BARABOO — Thursday marks one year since 24-year-old John Schmutzer was murdered while hiking at Devil's Lake State Park. Who did it still remains a mystery.
Schmutzer was really just starting life when he was fatally stabbed during a visit to Devil's Lake.
The Wauwatosa West High School and UW Madison grad was just 24 years old.
He was a son, brother and friend, and sadly for all those who loved him, in the 12 months since his death, no one has been brought to justice for it.
In fact, some evidence is still being evaluated at the Wisconsin State Crime Lab.
"There's limited crime lab personnel and this is a tedious scientific project," Lt. Chris Zunker with the Sauk County Sheriff's Dept. said during a press conference marking 1 year on Thursday. "We don't want to start reaching out to other crime labs until we've received the full report from the Wisconsin State Crime Lab and understand exactly what it is they found or did not find."
Investigators have dubbed the prime suspect, who's identity remains a mystery, as "the runner."
He's a man wearing dark clothes, as seen by 15 different witnesses that day, running frantically through Devil's Lake State Park, acting erratic, and falling down on several occasions. He was not caught on any park cameras.
"There may have been a camera that was in place that had not worked in some time," said Zunker.
Schmutzer was walking along a path, the Grotto Trail at Devil's Lake, when the crime happened.
For his family and friends, and even investigators, the most difficult part of this is how random this crime appears to be.
"We just simply think he was in the wrong place at the wrong time. He was alone, it was probably an attack that he did not see coming," said Zunker. "We believe that John and the suspect literally probably ran into each other."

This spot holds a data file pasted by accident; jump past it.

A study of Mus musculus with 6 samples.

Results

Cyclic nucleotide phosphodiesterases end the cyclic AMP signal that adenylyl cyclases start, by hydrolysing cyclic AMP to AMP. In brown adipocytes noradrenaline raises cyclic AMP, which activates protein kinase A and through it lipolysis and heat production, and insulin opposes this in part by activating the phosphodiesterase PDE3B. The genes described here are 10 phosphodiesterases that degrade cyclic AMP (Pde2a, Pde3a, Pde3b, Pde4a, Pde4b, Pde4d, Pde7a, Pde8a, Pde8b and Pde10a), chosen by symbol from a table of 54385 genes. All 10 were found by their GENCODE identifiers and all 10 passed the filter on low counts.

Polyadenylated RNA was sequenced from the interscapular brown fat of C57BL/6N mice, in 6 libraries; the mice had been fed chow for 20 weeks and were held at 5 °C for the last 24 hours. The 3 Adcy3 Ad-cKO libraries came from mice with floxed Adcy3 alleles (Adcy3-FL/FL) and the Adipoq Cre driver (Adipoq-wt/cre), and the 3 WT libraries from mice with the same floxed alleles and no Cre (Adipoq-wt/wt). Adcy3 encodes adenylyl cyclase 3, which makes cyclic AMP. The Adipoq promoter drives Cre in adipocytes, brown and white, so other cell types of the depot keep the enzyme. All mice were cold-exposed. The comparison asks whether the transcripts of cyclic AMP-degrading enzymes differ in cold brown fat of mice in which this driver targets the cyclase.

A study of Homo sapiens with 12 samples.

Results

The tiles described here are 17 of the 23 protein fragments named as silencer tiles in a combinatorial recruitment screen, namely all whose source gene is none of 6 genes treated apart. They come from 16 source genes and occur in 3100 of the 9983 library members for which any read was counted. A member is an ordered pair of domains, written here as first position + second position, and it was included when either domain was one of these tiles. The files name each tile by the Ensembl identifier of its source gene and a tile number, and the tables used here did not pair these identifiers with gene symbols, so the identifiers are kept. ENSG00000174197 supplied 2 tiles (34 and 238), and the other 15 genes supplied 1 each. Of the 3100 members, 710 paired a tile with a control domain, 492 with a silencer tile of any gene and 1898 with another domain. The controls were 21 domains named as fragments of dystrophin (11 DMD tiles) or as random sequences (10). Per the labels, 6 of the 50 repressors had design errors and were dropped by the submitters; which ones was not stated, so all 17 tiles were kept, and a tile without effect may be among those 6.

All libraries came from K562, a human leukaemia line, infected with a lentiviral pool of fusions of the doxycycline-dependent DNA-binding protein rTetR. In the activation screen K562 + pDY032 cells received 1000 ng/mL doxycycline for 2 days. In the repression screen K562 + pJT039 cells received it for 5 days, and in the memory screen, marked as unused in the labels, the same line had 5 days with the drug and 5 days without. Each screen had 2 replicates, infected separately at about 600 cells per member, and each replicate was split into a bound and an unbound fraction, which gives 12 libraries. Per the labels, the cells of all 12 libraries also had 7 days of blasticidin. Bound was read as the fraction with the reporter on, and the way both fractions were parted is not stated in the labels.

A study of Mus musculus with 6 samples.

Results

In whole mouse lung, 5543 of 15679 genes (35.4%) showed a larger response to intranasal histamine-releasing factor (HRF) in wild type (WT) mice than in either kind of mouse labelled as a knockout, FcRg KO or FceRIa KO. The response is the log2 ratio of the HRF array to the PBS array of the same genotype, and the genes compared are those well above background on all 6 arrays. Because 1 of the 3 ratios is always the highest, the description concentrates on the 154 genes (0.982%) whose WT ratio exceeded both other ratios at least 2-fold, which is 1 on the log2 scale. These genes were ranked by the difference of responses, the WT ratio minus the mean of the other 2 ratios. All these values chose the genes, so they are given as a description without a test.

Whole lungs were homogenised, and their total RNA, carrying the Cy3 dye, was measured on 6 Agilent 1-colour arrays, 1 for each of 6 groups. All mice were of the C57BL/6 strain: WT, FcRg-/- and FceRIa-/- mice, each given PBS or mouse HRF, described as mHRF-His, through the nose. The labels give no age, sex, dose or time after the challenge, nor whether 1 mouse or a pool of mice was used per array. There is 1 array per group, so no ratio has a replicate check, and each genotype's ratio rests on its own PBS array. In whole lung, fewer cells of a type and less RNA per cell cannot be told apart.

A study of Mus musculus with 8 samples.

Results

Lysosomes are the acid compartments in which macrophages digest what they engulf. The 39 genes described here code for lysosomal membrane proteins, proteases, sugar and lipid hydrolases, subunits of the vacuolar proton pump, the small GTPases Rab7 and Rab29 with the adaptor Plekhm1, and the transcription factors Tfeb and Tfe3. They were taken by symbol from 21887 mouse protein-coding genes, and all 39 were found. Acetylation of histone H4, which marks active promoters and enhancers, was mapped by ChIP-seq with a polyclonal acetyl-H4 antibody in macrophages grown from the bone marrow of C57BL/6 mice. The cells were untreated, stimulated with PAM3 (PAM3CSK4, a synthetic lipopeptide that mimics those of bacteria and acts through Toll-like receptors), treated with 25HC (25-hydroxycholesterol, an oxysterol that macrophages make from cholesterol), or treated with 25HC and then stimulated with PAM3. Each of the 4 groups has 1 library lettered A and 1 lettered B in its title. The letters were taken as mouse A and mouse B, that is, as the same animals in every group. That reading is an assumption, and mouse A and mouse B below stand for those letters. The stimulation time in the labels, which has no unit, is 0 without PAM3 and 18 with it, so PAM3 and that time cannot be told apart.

Zunker listed off what has been done: they've investigated 150 tips; hundreds of people across the U.S. have been contacted and interviewed; they sent more than 30 pieces of evidence to the state crime lab, of which six remain to be analyzed; they obtained and served 30 different search warrants, subpoenas, and other court orders, the results of which continue to be analyzed; and they collected 8 DNA samples from potential persons of interest, two of whom have been ruled out, while six are still under review.
None of them are officially considered suspects.
"If somebody calls us and says I think the person may have done something, and we go talk to that person, it's just as important to rule out innocent people as it is to locate the suspect," said Zunker.
And while this case has technically gone cold, Zunker says they still consider it very active.
"What you can do with DNA now we couldn't do five years ago. So in five years, or three years or two years or whenever - leaps and bounds science can make over the next two to three years. That may make an enormous difference in how our evidence is evaluated. And I'm very confident. We're not going to put this on a shelf and forget about it," he said.
You can contact the Sauk County Sheriff's Office at 608-355-3210.